Ministry of Culture Curtails Performing Arts

By Ali Abdulameer for Al-Monitor. Any opinions expressed are those of the author, and do not necessarily reflect the views of Iraq Business News.

The activities that have begun to move forward in the Iraqi cultural scene continue to be afflicted by the woes inherent in a complete reliance on the government, as was the case under the former regime. There is a dependence on the institutions of the central and local (provincial) governments, where leaders, party officials and influential forces are begged for support.

Part of the legacy of Iraqi culture at present involves “praising the authorities.” A significant number of those who used to praise the dictator (former President Saddam Hussein) are now praising his opponents who rule today. Iraq’s official cultural institutions are plagued by those who give unwarranted praise to influential forces and agencies, thereby replicating the same problem they suffered under the former regime.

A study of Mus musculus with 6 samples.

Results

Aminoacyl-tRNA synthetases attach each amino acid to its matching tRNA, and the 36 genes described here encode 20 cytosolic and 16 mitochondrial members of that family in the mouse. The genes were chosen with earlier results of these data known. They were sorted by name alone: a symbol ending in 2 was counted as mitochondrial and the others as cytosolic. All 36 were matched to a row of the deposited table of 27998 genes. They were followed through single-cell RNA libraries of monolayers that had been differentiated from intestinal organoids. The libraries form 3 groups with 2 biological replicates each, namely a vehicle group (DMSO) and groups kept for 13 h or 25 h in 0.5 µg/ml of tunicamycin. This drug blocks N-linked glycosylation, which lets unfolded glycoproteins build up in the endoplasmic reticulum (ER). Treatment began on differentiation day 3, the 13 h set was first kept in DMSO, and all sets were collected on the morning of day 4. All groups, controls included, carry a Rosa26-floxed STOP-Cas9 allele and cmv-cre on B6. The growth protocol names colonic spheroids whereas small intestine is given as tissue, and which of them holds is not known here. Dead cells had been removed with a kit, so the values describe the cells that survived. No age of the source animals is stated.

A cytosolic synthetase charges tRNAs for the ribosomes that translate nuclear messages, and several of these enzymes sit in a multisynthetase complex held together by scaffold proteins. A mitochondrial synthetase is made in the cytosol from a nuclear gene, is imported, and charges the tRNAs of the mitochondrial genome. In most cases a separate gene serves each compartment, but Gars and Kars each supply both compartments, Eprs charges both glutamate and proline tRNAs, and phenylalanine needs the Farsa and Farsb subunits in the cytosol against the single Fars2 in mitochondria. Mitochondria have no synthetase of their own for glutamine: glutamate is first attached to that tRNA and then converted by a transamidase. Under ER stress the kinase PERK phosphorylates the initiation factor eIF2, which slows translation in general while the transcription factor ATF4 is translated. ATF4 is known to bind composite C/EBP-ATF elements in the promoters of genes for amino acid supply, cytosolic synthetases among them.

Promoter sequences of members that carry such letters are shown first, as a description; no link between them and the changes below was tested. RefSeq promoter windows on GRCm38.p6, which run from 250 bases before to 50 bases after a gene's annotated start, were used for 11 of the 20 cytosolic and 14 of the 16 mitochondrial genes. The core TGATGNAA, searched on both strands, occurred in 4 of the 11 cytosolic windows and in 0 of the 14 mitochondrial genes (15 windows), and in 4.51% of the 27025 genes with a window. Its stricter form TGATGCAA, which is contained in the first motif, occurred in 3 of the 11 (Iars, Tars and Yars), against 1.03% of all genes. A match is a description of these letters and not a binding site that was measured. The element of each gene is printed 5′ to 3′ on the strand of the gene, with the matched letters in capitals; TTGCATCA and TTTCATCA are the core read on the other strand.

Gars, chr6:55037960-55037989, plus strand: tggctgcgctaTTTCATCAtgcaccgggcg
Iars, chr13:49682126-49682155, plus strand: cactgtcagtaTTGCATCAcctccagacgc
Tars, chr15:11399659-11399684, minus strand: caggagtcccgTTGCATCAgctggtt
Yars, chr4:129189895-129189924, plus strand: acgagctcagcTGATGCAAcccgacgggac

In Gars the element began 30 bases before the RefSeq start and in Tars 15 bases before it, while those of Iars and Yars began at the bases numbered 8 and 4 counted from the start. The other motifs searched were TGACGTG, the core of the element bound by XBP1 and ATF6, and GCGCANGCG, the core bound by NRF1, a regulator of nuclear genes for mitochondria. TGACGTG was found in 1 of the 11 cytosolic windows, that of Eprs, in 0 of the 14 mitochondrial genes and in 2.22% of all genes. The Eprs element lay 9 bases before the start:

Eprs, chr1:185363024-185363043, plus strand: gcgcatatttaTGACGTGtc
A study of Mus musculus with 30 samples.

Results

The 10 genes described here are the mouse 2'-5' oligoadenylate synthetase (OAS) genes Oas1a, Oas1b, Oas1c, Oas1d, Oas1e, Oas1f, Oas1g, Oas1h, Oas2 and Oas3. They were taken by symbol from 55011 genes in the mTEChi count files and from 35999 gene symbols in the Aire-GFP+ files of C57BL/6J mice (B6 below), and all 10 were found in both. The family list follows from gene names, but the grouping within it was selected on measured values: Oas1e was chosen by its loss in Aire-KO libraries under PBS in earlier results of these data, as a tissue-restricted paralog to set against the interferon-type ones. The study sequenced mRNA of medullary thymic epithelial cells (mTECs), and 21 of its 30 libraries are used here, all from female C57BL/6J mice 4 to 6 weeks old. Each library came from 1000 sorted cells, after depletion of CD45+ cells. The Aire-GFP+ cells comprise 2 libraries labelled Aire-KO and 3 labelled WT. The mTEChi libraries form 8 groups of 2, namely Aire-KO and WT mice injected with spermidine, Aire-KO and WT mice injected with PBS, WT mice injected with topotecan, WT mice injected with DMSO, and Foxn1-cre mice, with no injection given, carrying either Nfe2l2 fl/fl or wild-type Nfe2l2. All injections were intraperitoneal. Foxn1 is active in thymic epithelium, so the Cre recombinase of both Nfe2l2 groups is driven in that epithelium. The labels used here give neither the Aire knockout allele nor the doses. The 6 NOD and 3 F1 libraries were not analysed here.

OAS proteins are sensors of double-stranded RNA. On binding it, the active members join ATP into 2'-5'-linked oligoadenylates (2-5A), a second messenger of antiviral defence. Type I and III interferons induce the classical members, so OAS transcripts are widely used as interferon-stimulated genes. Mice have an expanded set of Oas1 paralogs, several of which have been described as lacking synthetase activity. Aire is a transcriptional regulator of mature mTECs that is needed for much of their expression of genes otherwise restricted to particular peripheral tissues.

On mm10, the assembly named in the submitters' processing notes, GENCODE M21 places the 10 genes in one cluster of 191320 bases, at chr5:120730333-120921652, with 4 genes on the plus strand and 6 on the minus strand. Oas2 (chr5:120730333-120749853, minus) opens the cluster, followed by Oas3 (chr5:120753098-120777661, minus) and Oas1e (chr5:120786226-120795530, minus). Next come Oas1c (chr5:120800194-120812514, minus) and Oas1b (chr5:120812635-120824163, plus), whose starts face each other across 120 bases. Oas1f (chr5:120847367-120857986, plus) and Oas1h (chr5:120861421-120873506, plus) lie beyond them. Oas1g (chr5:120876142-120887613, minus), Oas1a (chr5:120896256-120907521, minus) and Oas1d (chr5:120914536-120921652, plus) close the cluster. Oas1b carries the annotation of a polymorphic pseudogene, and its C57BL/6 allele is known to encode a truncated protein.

Iraqi cultural circles had expected that Baghdad being selected as the Arab Capital of Culture 2013 would help Iraq regain some of the material support for culture, enabling the country to resume the “illuminating” role that it has long been associated with. This would be achieved through a positive change in the seemingly most pressing cause, namely the establishment of real infrastructure, based on the state of art theaters, cinemas and fine arts venues.

Yet, they were disappointed. In an article for Al-Hayat, Hashem Shafiq, an Iraqi poet and writer, said that “a budget of more than $500 million was allocated for Baghdad, the Arab Capital of Culture.” What happened to this huge sum? Where was it spent, by whom and on what? In short, Shafiq writes that less than $5 million was spent on activities, seminars and invitations in the framework of Baghdad’s selection as the Arab Capital of Culture. Of this amount, $3 million was spent on renting a Turkish tent for the opening ceremony, at a rate of $1 million per day.

While the Rasheed Theater remains in ruins, given that it was deliberately burned shortly following the end of the war in 2003, the Iraqi Ministry of Culture is still unable to reconstruct the afflicted theater. This is despite its many pledges to complete its reconstruction. At the same time, the traditional People’s Hall in Baghdad is still closed, although it has the potential to be used as a venue for many artistic, musical, theatrical and cinematic performances.